Climate change is perhaps the biggest emergency of our era. Unfortunately, only since the last few decades it started to receive the attention that it deserves. The first awareness about global warming came from the experts. In 1965, in a report called "Restoring the Quality of Our Environment", a group of American scientists warned the institutions about the risks of the greenhouse effects. However, their warning was largely neglected by the US government. Later, on April 22nd of 1970, the first Earth Day took place in the States: about 20 million of people were on the streets protesting against environmental destruction. But it was only from the 80s onwards that a large-scale public awareness about climate change started to rise, thanks to the commitment of climate advocates. Today, environmental activism is a mass movement, and demonstrations on global warming are regular events – the biggest climate movement is Fridays for Future, whose strikes take place every week. Furthermore, a lot of countries all over the world have a Green Party today – in all the 27 members of the European Union there is at least one Green Party, even though some of them have few or zero parliamentary representation.
Among joining the Climate Movement or the Green Party, there are other ways to make a difference for the environment. As a response to our globalized and consumistic society, some people and group of people decided to embrace an eco-sustainable way of living. For this purposes, different structures were founded – eco-villages, bio-farms, rural communes, etc. Such structures promote sustainable agriculture and farming practices. On the one hand, their system of production requires more human labour, because planting and harvesting is often done by hand, and the livestock that graze freely need so much care compared to those that spend all their lives inside a cage. However, if farmers worldwide adopted sustainable farming and agriculture methods, the atmosphere would be a lot cleaner – according to some scientists, methane produced by cows is more damaging to our climate than the carbon dioxide produced by cars.
When I decided to apply for an ESC program, I started looking for a project concerning climate action and environmental protection. In fact, adopting eco-friendly individual habits such as recycling, having a vegetarian diet, walking or cycling was not enough for me. I wanted to do something more, like committing myself into sustainable agriculture in order to find out how it is possible to have an eco-sustainable lifestyle. Therefore, the CJD Ökohaus Markkleeberg sounded perfect to me, because working there would have meant a direct contact with nature.
The CJD Ökohaus Markkleeberg is a small structure in the heart of the Agra-Park in Markkleeberg, Saxony. It was built between 2008 and 2009 with local wood, straw and clay. In the Ökohaus, nothing is wasted: the roof is made by solar panels, and the energy from the sun is then recycled for the heating system. Moreover, rainwater is channelled into big containers, and re-used to water the plants all around. Finally, all the organic waste is put together in the compost area and transformed into new soil.
Workers and volunteers of the Ökohaus take care of the small garden, where some vegetables - potatoes, peas, onions, tomatoes, radishes, lettuce, parsley, cucumber, and fruit – grapes, strawberry, and raspberry, are planted. Furthermore, in the area surrounding the building there are some birdhouses, a beehive, and an insect hotel. Inside, a small laboratory with microscopes and other learning and recreational material is available to children.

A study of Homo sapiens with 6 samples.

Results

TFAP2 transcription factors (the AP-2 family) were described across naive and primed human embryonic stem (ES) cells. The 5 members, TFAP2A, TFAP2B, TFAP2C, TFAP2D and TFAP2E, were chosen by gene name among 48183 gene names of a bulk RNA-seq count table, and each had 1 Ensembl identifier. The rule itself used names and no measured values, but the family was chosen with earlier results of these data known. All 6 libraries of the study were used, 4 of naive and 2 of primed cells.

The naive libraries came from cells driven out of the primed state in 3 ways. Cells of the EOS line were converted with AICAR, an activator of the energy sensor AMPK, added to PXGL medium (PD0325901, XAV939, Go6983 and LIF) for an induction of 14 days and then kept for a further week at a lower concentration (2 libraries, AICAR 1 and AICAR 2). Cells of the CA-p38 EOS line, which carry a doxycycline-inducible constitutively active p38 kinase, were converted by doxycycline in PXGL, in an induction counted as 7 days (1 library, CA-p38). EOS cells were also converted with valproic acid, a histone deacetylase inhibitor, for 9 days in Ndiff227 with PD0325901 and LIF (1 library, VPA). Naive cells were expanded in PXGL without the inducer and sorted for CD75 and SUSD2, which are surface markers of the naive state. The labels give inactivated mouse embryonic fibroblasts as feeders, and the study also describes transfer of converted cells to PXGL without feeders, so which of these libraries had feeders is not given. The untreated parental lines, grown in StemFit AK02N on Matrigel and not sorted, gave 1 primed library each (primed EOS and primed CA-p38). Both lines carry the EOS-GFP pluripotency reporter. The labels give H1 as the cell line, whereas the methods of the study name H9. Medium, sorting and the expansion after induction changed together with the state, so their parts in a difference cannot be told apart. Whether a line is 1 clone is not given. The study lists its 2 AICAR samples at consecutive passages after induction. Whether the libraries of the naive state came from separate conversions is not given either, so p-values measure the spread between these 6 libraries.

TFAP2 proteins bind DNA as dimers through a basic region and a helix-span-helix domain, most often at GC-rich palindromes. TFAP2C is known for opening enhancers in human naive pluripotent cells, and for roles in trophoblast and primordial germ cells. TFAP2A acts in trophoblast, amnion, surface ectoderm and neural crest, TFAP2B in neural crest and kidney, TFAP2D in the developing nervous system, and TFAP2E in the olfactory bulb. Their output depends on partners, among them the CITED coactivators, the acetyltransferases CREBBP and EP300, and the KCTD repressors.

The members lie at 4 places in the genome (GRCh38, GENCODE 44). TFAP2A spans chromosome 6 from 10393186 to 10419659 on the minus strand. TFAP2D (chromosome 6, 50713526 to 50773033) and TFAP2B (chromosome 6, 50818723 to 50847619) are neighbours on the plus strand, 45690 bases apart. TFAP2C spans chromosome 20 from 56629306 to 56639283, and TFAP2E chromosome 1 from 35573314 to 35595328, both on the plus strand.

In fact, beside daily gardening work, the Ökohaus organizes extracurricular educational activities for kids and youngsters. Among the different offers, it is possible to find activities in cooperation with schools or youth clubs, birthday parties, and holiday programs. For instance, the Sommerferien Program 2021 includes activities related to different topics: the importance of bees for our planet, water pollution, home-made bio products (body care as well as food), and Naturwerkstatt – a German word that can be translated as “nature workshop”, i.e. a laboratory for the construction of something using natural material.
The main goal of such initiatives is to raise awareness on the younger generations about the environmental issues, and to make them sensitive and respectful towards the nature. The motto of the Ökohaus is indeed “Natur erleben, verstehen, schützen”, namely, “experience, understand, and protect the nature”.
As a volunteer at the CJD Ökohaus Markkleeberg, I am collecting precious experiences that make me see things differently. For instance, I am learning (at last partially) how is the process of food production. It requires a lot of patience and effort. Now I know that behind a package of fruit or vegetables that one can find at the supermarket, and that might come from the other side of the earth, there is always human labour. Mass production often implies exploitation of people and resources. That’s the dark side of globalization, and a good reason to grow your own food or, whenever this is not possible, to support local farmers.
Finally, I am realizing how important is to engage young generations on environmental issues, and to provide them a nature-oriented education. Indeed, kids today mostly grow up in an urban environment and often is it difficult for them to recognize how apparently harmless human actions (such as eating animal-based from intensive farming or using plastic objects) is slowly destroying our planet. Therefore, a contact with nature since their childhood can raise awareness on the current emergency and make them act in a respectful and responsible way.